Rescuing your remnants

Selfies are not really my thing, but every now and then there is definitely a place for looking a little foolish as you hold up your camera and pose for yourself. This latest pattern seemed perfectly suited to it, as I wore it a lot over the last few months, particularly on chilly days when taking my dog out for a walk.

The Americans call them ‘stashbusters’ but we preferred the idea of a ‘Remnant Rescue’ – implying a slightly kinder approach to the various odd balls and half balls we find at the bottom of our wool cupboards. I can’t bear to throw wool away (not even the skein ties we use in the studio for dyeing, but that’s a story for another day) and the remnant balls are increasing at an alarming rate these days.

So here is a Remnant Rescue Infinity Scarf (aka Snood) that will be as unique as your collection of remnants and as inspired as your enthusiasm for recycling.

Remnant Rescue Infinity Scarf

Hook size: 5.5mm
I was using up my balls of cowgirlblues Handspun so this seemed appropriate, you may decide differently depending on the mix of yarn you have to hand.

Base chain: 130 chains
With my yarn this was appropriate picked a 5.5mm hook. I cast on 130 chains to achieve a width of 115cm, the ideal length for a scarf to wind twice around the neck without strangling you and without dangling forlornly about your chest and letting the draft in. (Depending on the size of your head, length of your neck and wearing preferences you’re looking at ~110-120cm for an adult)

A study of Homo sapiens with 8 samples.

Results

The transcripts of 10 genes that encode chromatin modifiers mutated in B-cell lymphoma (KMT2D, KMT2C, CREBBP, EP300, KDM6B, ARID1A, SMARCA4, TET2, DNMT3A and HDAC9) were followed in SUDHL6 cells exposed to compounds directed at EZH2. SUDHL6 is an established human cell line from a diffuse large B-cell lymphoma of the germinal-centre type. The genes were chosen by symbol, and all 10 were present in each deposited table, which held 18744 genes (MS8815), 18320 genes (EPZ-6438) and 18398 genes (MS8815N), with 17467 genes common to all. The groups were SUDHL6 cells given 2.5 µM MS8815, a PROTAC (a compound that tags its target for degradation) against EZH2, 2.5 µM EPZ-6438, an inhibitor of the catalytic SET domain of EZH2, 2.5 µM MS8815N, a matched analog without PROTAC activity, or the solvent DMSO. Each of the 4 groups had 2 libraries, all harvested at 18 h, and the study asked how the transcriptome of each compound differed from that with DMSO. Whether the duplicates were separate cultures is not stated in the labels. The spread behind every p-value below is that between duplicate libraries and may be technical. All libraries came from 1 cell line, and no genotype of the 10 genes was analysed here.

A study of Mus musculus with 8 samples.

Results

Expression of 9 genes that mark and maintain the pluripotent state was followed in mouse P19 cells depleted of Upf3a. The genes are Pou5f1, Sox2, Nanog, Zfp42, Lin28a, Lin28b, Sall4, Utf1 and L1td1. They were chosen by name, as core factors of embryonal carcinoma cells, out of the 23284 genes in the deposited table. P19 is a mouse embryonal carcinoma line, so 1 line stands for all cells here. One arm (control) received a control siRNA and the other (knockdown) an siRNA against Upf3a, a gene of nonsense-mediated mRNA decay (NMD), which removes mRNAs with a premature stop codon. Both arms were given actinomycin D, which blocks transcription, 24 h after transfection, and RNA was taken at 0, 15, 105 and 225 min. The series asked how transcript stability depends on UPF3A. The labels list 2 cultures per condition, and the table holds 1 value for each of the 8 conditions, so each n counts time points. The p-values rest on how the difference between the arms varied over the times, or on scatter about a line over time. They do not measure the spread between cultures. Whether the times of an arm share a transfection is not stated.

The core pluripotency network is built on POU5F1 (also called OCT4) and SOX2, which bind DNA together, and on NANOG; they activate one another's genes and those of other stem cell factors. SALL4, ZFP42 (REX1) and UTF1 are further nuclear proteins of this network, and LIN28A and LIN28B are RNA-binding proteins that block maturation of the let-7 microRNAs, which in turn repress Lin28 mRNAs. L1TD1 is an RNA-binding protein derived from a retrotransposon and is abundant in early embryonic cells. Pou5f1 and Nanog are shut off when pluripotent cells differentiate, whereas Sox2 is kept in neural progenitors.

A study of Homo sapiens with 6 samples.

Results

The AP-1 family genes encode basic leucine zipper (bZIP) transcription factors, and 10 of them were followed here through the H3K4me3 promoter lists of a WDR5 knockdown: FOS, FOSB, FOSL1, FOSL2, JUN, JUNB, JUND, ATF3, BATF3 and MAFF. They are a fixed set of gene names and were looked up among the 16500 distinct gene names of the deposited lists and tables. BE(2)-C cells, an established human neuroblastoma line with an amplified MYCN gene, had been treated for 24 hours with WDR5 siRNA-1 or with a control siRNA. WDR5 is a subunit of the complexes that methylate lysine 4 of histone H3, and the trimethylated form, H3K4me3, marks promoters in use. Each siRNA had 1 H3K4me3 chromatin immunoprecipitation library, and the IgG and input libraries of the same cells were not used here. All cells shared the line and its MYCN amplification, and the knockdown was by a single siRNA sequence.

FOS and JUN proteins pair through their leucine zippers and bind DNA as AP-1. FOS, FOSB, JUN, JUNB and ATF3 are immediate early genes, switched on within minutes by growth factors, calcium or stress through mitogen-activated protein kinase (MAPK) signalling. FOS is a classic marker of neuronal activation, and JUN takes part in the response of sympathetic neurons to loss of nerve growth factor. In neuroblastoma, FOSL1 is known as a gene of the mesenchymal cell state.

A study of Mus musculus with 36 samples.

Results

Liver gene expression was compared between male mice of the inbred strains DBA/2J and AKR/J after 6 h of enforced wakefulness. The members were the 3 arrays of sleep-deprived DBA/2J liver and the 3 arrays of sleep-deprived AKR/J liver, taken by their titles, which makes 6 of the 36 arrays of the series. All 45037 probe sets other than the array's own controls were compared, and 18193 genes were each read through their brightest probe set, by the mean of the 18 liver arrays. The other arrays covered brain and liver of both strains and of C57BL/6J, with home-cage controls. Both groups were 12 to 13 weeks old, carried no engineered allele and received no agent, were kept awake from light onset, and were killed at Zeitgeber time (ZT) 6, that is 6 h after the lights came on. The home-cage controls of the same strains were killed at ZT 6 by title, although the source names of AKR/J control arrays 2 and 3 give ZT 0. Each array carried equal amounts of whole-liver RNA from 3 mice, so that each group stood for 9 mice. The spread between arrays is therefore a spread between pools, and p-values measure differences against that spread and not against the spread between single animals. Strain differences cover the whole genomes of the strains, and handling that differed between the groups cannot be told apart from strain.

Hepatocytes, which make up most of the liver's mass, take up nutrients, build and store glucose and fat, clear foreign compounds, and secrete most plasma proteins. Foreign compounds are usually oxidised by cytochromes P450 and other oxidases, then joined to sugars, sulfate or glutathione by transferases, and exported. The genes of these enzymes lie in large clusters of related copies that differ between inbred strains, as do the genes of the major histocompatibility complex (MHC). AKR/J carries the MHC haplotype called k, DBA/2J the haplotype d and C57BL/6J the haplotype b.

Make rounds of trebles (doubles) and doubles (singles) depending on how you want to blend your colours and how much yarn you have in various colours. I’m not pedantic about completing a round in a particular yarn – if I run out after 1.5 rounds I’ll switch to the next colour since the point is to use up all the leftovers, rather than end up with more even smaller bits!

Colour is a very personal thing, and with something like this I encourage you to experiment. It’s only recycling after all. For the selfie version I wanted to use the yellow, but you will see it is very gaudy so I just add a single row using double crochets to minimise the impact.

In the blue/grey/green version it was easier as everything already worked with everything else. I opted for fewer joins and worked with bigger blocks of colour. The strongest/bright green on the edge shows up beautifully on both sides when you twist it to wear.

When you start a round remember to begin with a few chains and “close” the round each time. Chain 3 chain to start a row of trebles and chain 2 for a row of doubles.

Continue until your scarf measures ~20cm in depth then end off and wrap around your neck.

PS: This also makes a lovely gift – so if you’re already starting to think about Christmas presents this is a personal and environmentally friendly alternative to an expensive shopping spree (Unless of course you just have to buy more yarn to work with!)